Regtech Report: Why regtech won't put compliance people on the unemployment line

Freed from the repetitive and mundane, compliance staff will be able to devote their time to higher-value tasks, say backers of regtech solutions. Freed from the repetitive and mundane, compliance staff will be able to devote their time to higher-value tasks, say backers of regtech solutions.

One of the slaps against Uber concerns its long-term plan for driverless cars—putting the human driver out of work. Will regtech—driven by the quest for cost saving and efficiency— “Uber” compliance officers out of their jobs?

Experts’ consensus: No.

“You can automate parts of the function,” says Bain & Company’s Matthias Memminger, “but in the end humans need to make the decisions. That’s where the buck stops.” Says Andrew Sandler of the Buckley Sandler law firm, and a regtech entrepreneur: “Regtech is the enhancer. It turbocharges the capability of the people who have the ultimate responsibility for compliance.” Says Deloitte’s Dilip Krishna: “Human judgment is critical.”

However, the experts say that regtech, as it finds wide adoption, will be transformative to the compliance profession. What the job entails, how it will sit in relation to the rest of the bank, how it will impact compliance officers’ working lives—they say all that will change drastically.

Today much of compliance, especially in smaller banks, remains a roll-up-your-sleeves profession. Regtech promises to reduce that significantly.

I don’t see layoffs here,” says consultant and regtech entrepreneur Jo Ann Barefoot. “I foresee compliance officers’ deployment to higher-value work.”

Former regulator and Wolters Kluwer regulatory expert Timothy Burniston suggests the job will become easier because the burden of detail work will be reduced in favor of oversight and application of expertise.

Krishna sees compliance jobs evolving to be much more like an in-house legal function. Time will be spent being a source of expertise and answering questions that aren’t mere lookups, but matters requiring perspective. In some ways this will give compliance officers more career mobility, he argues, because they won’t just be seen as the wonks in the basement who handle all that compliance stuff, but competent managers.

Krishna says there might even be migration into Compliance as part of career pathing.

Ally Financial’s compliance chief Dan Soto sees regtech freeing up time for personally touching issues that need the hand of compliance experience on them.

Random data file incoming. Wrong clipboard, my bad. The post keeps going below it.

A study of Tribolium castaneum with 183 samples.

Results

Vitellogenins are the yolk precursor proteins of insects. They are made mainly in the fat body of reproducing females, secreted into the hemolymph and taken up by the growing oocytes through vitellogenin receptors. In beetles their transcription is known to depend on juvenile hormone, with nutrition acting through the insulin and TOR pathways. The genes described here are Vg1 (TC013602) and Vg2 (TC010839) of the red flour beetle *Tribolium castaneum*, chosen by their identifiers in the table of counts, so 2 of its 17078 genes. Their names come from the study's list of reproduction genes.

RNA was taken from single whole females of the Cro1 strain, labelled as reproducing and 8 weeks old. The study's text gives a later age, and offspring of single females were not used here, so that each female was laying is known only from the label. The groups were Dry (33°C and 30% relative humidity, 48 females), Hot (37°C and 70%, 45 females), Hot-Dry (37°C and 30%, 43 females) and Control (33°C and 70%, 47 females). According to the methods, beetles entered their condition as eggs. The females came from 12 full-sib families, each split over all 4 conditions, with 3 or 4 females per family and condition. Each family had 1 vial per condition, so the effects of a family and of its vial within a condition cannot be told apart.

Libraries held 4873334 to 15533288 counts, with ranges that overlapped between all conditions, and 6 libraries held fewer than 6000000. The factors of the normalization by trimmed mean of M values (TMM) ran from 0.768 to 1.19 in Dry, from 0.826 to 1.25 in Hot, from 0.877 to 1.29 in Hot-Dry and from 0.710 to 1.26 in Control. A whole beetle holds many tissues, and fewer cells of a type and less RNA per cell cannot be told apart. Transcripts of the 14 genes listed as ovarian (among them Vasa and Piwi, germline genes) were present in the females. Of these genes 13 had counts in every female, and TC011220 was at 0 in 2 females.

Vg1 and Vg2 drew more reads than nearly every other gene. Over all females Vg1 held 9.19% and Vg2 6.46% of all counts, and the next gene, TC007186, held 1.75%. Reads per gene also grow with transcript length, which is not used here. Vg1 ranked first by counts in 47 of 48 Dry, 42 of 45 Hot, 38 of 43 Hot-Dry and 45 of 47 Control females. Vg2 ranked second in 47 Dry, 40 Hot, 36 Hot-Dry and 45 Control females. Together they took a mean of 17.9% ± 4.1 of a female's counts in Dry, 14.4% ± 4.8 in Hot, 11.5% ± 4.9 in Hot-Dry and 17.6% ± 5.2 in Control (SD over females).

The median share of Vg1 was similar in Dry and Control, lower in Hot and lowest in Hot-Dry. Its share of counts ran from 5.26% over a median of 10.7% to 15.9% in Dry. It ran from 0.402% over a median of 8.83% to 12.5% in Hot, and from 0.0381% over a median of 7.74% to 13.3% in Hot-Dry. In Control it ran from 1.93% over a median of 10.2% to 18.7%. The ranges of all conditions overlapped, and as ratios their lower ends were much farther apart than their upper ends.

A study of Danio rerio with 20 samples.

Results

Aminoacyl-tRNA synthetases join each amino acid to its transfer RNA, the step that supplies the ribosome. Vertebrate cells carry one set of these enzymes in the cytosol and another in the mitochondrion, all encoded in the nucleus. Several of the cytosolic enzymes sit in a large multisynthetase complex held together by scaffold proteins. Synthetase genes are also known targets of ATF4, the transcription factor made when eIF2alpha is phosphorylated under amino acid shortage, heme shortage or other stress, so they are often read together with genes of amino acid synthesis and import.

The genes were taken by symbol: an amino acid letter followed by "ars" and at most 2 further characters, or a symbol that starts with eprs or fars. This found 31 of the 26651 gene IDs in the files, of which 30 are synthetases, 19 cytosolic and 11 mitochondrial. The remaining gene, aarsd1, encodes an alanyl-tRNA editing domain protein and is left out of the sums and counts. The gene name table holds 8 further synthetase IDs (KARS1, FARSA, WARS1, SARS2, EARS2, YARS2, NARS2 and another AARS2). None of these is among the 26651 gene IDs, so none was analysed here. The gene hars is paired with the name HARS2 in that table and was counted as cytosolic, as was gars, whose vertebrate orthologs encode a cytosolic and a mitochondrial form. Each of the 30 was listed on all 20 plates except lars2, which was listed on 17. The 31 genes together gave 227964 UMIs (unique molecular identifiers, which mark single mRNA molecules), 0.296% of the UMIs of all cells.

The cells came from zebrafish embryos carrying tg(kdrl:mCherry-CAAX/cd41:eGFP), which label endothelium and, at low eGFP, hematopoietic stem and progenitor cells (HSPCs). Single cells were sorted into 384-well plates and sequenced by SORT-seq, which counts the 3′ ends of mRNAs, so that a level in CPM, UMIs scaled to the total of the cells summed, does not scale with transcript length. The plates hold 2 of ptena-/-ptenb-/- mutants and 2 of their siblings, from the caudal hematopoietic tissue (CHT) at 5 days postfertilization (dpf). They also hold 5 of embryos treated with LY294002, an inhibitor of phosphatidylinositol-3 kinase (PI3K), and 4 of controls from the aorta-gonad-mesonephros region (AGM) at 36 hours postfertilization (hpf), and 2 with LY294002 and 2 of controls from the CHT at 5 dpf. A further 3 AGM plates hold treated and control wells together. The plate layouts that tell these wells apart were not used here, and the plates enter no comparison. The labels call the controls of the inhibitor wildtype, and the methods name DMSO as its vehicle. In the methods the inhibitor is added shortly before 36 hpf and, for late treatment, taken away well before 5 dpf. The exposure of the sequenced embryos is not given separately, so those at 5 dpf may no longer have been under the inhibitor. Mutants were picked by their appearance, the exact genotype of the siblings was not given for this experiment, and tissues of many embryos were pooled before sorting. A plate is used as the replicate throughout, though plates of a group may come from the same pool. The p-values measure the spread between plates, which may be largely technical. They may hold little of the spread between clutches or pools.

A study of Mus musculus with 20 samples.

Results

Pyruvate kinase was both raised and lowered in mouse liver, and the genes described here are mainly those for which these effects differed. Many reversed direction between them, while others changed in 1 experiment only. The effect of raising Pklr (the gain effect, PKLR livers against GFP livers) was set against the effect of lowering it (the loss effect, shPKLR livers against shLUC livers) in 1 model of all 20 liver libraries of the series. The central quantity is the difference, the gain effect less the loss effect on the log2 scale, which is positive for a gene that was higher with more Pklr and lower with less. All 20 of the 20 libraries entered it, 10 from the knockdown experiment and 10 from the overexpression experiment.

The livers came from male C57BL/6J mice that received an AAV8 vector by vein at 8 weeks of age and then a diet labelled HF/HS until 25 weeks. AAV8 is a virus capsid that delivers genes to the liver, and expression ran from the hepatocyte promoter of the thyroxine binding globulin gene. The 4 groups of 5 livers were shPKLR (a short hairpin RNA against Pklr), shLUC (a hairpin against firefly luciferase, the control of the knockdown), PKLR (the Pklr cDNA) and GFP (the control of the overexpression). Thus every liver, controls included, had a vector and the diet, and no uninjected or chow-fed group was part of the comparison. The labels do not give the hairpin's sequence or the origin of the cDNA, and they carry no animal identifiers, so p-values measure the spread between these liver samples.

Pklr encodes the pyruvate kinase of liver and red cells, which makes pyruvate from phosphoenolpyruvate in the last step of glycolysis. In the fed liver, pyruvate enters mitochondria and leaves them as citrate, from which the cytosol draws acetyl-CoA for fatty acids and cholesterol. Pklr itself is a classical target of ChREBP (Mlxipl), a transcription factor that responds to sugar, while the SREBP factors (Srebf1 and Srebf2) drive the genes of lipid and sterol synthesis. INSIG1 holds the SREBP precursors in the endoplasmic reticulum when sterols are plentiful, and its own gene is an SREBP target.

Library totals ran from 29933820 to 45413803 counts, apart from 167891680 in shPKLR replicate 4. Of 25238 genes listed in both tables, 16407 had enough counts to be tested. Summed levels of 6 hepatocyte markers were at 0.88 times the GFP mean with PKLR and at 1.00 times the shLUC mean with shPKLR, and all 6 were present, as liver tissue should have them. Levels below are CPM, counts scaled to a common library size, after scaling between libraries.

“The more you can automate the process in the first line,” says Krishna, “the less Compliance will have to test transactions. It can become more of a business advisor.”

RegtechBarefoot2

Consultant Richard Riese foresees regtech containing the growth of the three lines to four, five, or six levels. There is a degree of checking the checkers already, he says, that could, absent other factors, grow. Regtech may reduce the expanding need for human audit, he suggests.

This is part of an online version of a cover story on regtech from the June-July 2017 Banking Exchange magazine. Other parts of the report include:

Regtech to the rescue?

What about "squishy" compliance?

• IBM Watson takes on compliance

Steve Cocheo

Steve Cocheo’s 38 years in financial journalism have taken him to all 50 states and nearly every corner of financial services in companies from fintech startups to community banks to regional and national giants. He is executive editor of Banking Exchange and digital content manager of www.bankingexchange.com. Previously he spent 36 years on the staff of ABA Banking Journal and 22 years concurrently as editor of ABA Bank Directors Briefing. He is the only journalist to have sat in on three federal banking exams, was a finalist for the Jesse H. Neal national business journalism awards, and a winner of multiple awards from the American Society of Business Publication Editors. A year ago he finally gave up his cherished Blackberry for an iPhone, recently tried Uber, and has made it by Citibike from Battery Park to the Washington Bridge… and back.